Southeast Missouri State University student publication

The Long Lens: Jan. 24, 2018

Tuesday, January 23, 2018
Rachael Long

Over the winter break from school, I was rear-ended, and my car was totaled. No one was hurt in the accident, and for that, I am both lucky and endlessly grateful.

What transpired over the next several days was not so lucky. I came to discover the man who hit me did not have insurance. Since I only had liability coverage on my vehicle, I was ó as they say ó screwed.

Flash forward to the end of last week, and youíd find a very stressed out version of me who had been paying out of pocket for a rental car for weeks while waiting to hear from my insurance company and attorney.

On Thursday, I decided it was time I looked for a vehicle to buy to avoid throwing money away at a rental car. On Friday, I bought one.

You could say I moved a little fast.

Buying my first used car is easily the most adult thing Iíve ever done, and Iím strangely proud of myself for it.

But I wonder what will happen to the man who hit me. He tried to convince me not to file a claim or create a record of his destruction. His vehicle was completely unscathed (I guess his lifted pickup truck must not have been intimidated by my Nissan Altima), and he walked away without a care in the world.

I, on the other hand, spent hours on the phone with my insurance company and (what I thought at the time was) his insurance company. I spent money and time renting a car, I lost hours of sleep worrying about how I would pay for the mess he caused me.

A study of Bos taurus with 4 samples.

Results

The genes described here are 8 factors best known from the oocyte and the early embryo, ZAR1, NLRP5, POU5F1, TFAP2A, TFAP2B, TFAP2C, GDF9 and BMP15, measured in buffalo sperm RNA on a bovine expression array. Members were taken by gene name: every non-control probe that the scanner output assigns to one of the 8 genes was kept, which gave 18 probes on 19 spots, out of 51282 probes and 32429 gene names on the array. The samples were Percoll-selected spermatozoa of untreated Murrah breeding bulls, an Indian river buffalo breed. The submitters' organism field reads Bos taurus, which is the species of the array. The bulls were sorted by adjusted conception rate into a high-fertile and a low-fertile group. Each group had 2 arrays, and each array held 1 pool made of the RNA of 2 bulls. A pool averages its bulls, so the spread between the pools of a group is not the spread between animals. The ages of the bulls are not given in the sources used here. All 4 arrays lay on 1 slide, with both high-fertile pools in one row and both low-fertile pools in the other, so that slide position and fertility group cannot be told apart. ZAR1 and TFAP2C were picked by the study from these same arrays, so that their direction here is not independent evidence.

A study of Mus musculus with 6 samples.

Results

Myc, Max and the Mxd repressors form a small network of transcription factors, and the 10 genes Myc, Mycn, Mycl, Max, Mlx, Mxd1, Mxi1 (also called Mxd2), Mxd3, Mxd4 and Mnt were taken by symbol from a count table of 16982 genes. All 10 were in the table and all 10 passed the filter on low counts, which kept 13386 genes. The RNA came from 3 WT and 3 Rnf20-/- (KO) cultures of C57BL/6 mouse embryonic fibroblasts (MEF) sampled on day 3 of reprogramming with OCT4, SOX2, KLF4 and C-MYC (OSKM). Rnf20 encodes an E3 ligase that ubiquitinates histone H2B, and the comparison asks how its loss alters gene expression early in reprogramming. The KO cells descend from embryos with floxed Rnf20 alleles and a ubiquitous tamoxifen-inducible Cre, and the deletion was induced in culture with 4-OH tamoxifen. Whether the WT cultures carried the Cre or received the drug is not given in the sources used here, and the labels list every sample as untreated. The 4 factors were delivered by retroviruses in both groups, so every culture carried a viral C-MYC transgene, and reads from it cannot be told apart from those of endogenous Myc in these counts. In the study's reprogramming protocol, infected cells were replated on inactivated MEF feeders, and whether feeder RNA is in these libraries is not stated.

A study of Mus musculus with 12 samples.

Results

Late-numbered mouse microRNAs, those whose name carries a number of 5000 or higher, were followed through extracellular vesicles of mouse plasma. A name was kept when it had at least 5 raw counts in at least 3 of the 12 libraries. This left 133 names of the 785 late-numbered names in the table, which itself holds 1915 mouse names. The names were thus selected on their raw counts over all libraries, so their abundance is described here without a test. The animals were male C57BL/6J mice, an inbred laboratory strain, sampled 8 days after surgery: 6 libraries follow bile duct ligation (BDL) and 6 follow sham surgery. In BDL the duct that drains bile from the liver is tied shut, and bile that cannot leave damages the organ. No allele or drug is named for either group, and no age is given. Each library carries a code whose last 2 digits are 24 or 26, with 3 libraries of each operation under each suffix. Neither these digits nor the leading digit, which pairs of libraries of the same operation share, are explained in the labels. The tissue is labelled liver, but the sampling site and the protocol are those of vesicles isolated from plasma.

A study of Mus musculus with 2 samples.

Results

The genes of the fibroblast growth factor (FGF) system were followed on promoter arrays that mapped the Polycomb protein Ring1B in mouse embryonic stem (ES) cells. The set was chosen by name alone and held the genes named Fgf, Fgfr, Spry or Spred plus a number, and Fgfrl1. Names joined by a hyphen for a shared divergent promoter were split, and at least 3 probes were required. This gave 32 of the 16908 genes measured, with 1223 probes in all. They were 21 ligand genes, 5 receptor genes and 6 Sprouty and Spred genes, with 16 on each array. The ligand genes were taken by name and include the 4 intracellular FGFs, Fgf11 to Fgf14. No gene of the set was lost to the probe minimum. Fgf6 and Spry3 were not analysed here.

I wonder if heís lost any sleep over it. I wonder if he thought twice about what would happen to me when he destroyed my only method of transportation (which was entirely paid off, thank you very much). I wonder if he knows ó despite all the anguish and stress he so graciously gifted me ó I am very much worried about his future.

To be caught driving without insurance, especially if youíve caused a wreck, is no small matter. Heís in very real danger of having his license revoked for a year.

He made one small mistake, and it could cost him his independence. And as much as I hate to say it, I feel for the guy.

Itís human nature to make mistakes. Itís even human nature to run from taking responsibility when we do make them. But blaming human nature isnít good enough. That excuse falls apart thanks to those unafraid to do the right thing, those who wouldnít run and try to evade the law by driving uninsured.

Just before finals week, a fellow student scratched my car with his in a parking lot on campus. This lot has no security cameras, and I was nowhere to be seen when he accidentally swiped my vehicle. It would have been so easy for him to drive away and never look back. I never would have known it was him who did the damage.

But he did the right thing. He reached out to me, apologized and was ready to do what it took to make things right.

I remember being so surprised by his honesty and genuine remorse. And then I was sad, because why should that act of honesty and owning up to your mistakes be so surprising?

Are we really so broken a society that our default mindset is to expect the worst in people?

Iíve always been an optimist. I like to assume the best in people until they give me a reason not to. So to say Iíve been conflicted about my feelings toward the man who totaled my car is an understatement.

So to that man, to the driver who hit me and wrecked my life: I hope you make the best of a bad situation. I hope you turn a corner. I hope you get some insurance. I hope you know I donít resent you for your apathy, but forgive you for this mess you put me in.

But someone has to pay for that cute little Jeep Renegade rental Iíve been driving around. So I guess Iíll see you in court.